Eli Pariser To Give Commencement Address At Simon's Rock College of Bard

Great Barrington - Simon’s Rock College of Bard has announced that Eli Pariser will be the speaker at its 36th Commencement on Saturday, May 14.

Eli Pariser, a Simon’s Rock alumnus, has become a well-known leader in the groundbreaking movement to use the Internet to organize Americans politically. At the age of 20, he created an on-line petition calling for alternatives to a military response to the events of September 11, 2001; within two weeks the petition had been signed by 500,000 people.

His work soon attracted the attention of international news organizations and Wes Boyd at MoveOn, an organization started by Boyd and Joan Blades, two Silicon Valley entrepreneurs who shared frustration with the partisan politics in Washington D.C.

The websites of Pariser and Boyd soon merged, as did the forces of the activists. Pariser was asked to run international programs for MoveOn, and since that time millions of Americans and others have become acquainted with him through the Internet and public speeches during the buildup to the war in Iraq and during the presidential election of 2004.

In his young career Pariser, now 24 years old and Executive Director of MoveOn.org and MoveOn Pac, has launched several initiatives and raised millions of dollars for the work of the organizations. MoveOn.org primarily focuses on education and advocacy; MoveOn PAC primarily helps members elect candidates who reflect their values.

He directed MoveOn's campaign against the Iraq war, tripling MoveOn's member base in the process; MoveOn now has 2.9 million members. As Executive Director of MoveOn PAC, he raised over $30 million from over 350,000 small donors to run ads, develop a powerful field program, and support progressive candidates from John Kerry on down.

Pariser has been profiled in the New York Times Magazine, Money Magazine, Fortune, Time, Mother Jones, and many other publications, and has appeared on every major cable news channel and television network. In a March 2003 article about Pariser titled “Smart Mobbing the War,” the New York Times Magazine said: “Dot-org politics represents the latest manifestation of a recurrent American faith that there is something inherently good in the vox populi.”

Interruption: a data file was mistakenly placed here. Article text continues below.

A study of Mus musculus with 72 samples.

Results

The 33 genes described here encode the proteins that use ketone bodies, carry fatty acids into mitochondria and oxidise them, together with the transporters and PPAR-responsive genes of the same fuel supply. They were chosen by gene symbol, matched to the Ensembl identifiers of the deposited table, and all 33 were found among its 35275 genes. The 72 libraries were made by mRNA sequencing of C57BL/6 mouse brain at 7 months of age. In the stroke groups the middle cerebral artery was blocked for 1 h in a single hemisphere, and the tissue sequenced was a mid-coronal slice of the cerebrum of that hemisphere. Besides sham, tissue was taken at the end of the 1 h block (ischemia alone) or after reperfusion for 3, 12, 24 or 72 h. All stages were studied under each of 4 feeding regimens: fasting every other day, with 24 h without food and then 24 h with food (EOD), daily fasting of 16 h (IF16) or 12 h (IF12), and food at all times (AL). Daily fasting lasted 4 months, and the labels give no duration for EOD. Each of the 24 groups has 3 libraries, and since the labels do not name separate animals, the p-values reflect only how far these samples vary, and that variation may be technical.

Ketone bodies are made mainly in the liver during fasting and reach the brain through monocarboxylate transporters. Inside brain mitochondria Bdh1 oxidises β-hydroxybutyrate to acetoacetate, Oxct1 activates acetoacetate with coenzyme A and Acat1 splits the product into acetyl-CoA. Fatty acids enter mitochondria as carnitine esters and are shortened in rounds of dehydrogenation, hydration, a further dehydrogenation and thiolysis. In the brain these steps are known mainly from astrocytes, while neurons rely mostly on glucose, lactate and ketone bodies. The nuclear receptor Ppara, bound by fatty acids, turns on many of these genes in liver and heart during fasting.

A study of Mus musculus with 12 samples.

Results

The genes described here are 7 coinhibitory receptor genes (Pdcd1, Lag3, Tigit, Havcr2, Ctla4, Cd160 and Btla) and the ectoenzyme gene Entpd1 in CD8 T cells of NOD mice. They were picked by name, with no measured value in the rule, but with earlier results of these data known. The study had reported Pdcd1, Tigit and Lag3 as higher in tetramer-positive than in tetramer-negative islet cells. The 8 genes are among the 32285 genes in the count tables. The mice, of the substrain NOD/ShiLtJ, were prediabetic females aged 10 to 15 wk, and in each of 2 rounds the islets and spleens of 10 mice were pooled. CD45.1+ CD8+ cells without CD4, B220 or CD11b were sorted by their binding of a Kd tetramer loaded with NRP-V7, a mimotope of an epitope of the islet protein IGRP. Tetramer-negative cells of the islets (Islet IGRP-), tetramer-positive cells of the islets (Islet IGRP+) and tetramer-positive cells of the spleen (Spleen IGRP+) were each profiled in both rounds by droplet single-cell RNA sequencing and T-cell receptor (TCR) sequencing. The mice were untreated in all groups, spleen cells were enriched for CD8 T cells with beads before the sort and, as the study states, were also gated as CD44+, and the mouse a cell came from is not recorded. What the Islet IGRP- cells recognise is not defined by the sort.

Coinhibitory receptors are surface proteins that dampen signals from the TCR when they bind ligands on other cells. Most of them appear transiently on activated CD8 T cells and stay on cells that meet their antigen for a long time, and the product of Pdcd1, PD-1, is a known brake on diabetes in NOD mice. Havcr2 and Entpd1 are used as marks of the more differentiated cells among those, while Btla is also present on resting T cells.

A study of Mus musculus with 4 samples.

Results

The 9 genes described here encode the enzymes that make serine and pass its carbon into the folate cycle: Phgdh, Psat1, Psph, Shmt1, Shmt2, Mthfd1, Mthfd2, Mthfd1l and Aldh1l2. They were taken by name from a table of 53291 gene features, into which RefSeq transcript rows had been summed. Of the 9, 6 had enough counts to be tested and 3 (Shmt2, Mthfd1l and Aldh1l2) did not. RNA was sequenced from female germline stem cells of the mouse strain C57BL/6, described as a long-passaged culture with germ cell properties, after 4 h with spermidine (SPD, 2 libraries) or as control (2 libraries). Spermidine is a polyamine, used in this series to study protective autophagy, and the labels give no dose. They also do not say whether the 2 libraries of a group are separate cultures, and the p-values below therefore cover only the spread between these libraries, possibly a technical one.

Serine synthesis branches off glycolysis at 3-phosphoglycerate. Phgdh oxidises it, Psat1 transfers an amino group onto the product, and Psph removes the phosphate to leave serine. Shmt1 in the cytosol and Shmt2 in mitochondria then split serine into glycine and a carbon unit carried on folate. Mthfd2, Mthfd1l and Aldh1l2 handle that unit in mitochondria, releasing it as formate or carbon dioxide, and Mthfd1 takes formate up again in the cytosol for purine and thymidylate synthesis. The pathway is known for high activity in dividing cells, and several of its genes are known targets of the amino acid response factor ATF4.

In the same New York Times article, Dennis Kucinich, then Democratic presidential candidate, said: ''Eli has proven we're in a new era of grass-roots activism. The basis for human unity is not just electronic -- the human unity precedes the electronic, and then is furthered by it. Eli represents 'the advancing tide,' which Emerson said 'creates for itself a condition of its own. And the question and the answer are one.'''

In his work at MoveOn, Pariser continues to organize for long-term political action, saying: “Creative power takes time…We’re just getting started. The momentum that began with the anti-war movement is changing American politics. And I do believe it has the potential to change the world.”

Pariser grew up in Camden, Maine, and like many Simon’s Rock students, began his college studies at the age of 15. At the age of 19, he graduated with a Bachelor of Arts degree summa cum laude.

At Simon’s Rock, he helped to organize and then participated in The American Story Project, in which 12 students and new graduates crossed the country in a school bus interviewing ordinary Americans about their political beliefs. He also organized the New England Student Activism conference, campaigned for socially responsible college investing, and wrote his senior thesis on the origin of corporate rights.

Simon's Rock College of Bard is the only four-year college of the liberal arts and sciences specifically designed to provide bright, highly motivated students with the opportunity to begin college in a residential environment after the tenth or eleventh grade. Students who successfully complete the requirements receive the Associate of Arts (AA) degree after two years of study, and the Bachelor of Arts (BA) degree after four.

The commencement ceremonies, which are open to the public, will be held at 11 a.m. on the Blodgett Lawn.